Sacred Places Journal
24 and 25 October, 2001: London Postscript
24: A few very lovely farewell events with my daughter who will be staying London to continue her parish work: We go to the National Gallery and do the "Life of Christ" walk, viewing 20 of the world's greatest paintings of Christ whilst listening to a narration that recounts the events with historical and theological accuracy.
Then we walk across Westminster Bridge, arm in arm in a driving rain, sheltering under a big back umbrella, to Lambeth Palace, home of the Archbishop of Canterbury. For months I have been corresponding with Dr. Carey's staff in an attempt to arrange an interview. Today is the day--and the Archbishop is off on a sudden trip to the Middle East. But his press secretary will give us a tour of the palace. Our privileged peak inside this historic residence is a time capsule of Christian history in this land.
I return to find an e-mail message from my husband: our son in the Army Reserves has been returned to active duty.
25: Today I take the train to Colchester and then a taxi to a well-hidden farm at the end of a long lane outside the tiny village of Wormingford to visit one of my favorite writers, Ronald Blythe. He tells me that his house was built around 1600, "This house was here when Shakespeare was alive." He gives me an excellent lunch and feeds an open fireplace on hand-cut apple wood. We talk about the writing life, our favorite authors, and the Church of England.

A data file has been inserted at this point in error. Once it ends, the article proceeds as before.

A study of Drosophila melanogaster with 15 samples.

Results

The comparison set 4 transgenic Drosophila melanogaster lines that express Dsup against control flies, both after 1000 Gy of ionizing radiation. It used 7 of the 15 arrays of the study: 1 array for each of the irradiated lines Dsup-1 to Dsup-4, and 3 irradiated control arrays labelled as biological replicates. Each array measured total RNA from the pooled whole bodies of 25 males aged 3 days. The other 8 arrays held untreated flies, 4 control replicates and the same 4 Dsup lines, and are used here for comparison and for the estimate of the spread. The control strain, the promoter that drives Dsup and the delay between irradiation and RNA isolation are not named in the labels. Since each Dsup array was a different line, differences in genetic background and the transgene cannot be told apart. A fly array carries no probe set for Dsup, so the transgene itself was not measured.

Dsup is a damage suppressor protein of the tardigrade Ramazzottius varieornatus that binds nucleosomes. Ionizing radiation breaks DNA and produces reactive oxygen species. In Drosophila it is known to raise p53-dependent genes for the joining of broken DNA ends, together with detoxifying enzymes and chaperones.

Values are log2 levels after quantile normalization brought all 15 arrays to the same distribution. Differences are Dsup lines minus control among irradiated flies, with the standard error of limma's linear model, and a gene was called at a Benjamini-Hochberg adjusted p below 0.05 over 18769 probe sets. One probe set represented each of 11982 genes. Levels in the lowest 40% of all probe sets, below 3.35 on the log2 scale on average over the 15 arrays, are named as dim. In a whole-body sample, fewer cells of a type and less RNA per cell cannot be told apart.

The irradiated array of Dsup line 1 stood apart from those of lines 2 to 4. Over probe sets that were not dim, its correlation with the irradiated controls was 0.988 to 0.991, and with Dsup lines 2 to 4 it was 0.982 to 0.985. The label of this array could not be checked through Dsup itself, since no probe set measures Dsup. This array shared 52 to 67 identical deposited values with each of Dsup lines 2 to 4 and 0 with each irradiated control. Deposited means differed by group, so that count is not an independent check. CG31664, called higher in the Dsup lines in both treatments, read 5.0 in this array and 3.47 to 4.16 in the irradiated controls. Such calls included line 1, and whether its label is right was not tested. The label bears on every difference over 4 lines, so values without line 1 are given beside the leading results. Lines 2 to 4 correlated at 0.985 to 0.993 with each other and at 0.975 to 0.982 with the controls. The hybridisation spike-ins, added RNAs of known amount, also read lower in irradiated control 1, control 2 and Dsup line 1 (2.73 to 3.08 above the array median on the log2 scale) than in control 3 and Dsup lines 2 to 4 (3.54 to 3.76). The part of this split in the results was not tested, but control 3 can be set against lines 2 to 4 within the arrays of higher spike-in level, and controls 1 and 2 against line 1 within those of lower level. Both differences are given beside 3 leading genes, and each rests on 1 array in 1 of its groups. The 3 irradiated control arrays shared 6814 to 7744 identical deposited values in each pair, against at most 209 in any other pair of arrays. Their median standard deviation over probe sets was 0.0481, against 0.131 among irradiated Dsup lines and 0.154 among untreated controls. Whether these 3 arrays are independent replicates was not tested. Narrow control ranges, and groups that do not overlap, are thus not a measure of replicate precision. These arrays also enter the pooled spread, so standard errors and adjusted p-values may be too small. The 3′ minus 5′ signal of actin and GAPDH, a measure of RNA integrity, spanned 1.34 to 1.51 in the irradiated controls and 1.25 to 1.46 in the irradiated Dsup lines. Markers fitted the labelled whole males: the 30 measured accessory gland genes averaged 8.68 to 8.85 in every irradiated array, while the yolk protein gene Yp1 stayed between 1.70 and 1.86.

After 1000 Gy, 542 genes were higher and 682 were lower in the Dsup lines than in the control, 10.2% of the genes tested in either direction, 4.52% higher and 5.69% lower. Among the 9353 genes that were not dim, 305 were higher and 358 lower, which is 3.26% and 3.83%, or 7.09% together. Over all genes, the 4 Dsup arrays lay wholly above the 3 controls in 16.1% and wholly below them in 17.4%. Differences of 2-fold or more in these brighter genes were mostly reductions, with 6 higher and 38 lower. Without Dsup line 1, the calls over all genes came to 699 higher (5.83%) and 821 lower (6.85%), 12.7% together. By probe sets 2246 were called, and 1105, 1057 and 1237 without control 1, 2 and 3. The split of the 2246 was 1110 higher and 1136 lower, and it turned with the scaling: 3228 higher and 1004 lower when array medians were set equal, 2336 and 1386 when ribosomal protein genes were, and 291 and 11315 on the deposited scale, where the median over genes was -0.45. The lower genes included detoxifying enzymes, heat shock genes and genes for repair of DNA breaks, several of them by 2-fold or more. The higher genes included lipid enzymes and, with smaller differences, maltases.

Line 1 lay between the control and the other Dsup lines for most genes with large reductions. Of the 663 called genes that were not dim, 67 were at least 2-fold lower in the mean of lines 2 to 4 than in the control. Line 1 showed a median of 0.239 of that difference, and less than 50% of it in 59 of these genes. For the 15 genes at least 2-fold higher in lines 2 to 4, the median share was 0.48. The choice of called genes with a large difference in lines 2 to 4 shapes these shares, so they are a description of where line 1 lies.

Back in London, a contemplative prayer group, sitting in deep, calm, silent prayer in a serene room. Then I pack while watching the video of the 14 Sept. Memorial service at St. Paul's. The hymns and lessons are particularly moving: "Immortal, invisible, God only wise," Isaiah 61:1-4,11, Romans 8:31-39, "Lead us, heavenly Father, lead us O'er the world's tempestuous sea," "Mine eyes have seen the glory of the coming of the Lord," and for the first time in St. Paul's Cathedral, "The Star-Spangled Banner."
In the Cathedral 2600 political and religious leaders, but mostly ordinary people, many from the American community in London (including my daughter). And thousands more standing outside, joining in the singing. Just before the service eight million people had observed the 3 minute silence--the first time ever done clear across Europe. One entry in the Book of Remembrance reads: "Shoulder to shoulder, hand in hand."
Packing books and crosses--momentoes of my journey through Christian history--I listen to the Archbishop of Canterbury's memorial address. "For the flower of democracy to flourish it must grow in the soil of justice. Those responsible for the attack must be held to account, but we must be guided by higher goals than mere revenge. As we battle with evil our goals must be a world where such violence is a thing of the past."
Afterward, the BBC commentator remarks that, "Memorial services can sometimes heal wounds, but here we are remembering a slaughter so hideous it can only offer a fleeting respite from a pain too raw and too recent for the healing to begin. Today we are still in the grip of horror of so many thousand deaths at the hands of so few, who planned with precision to destroy the lives of the innocent on a scale never seen in recent times. Truly a day of infamy."
I think of the many times my mother told me how beautiful her life had been before Pearl Harbor. "And then everything changed," she would say. The Twin Towers terrorism seems a very similar act. I am very ready to go home. But will I find my world changed? Can I draw strength from the examples of those indomitable saints I've been studying? And from the indomitable God they served who is "the same yesterday, today and forever"?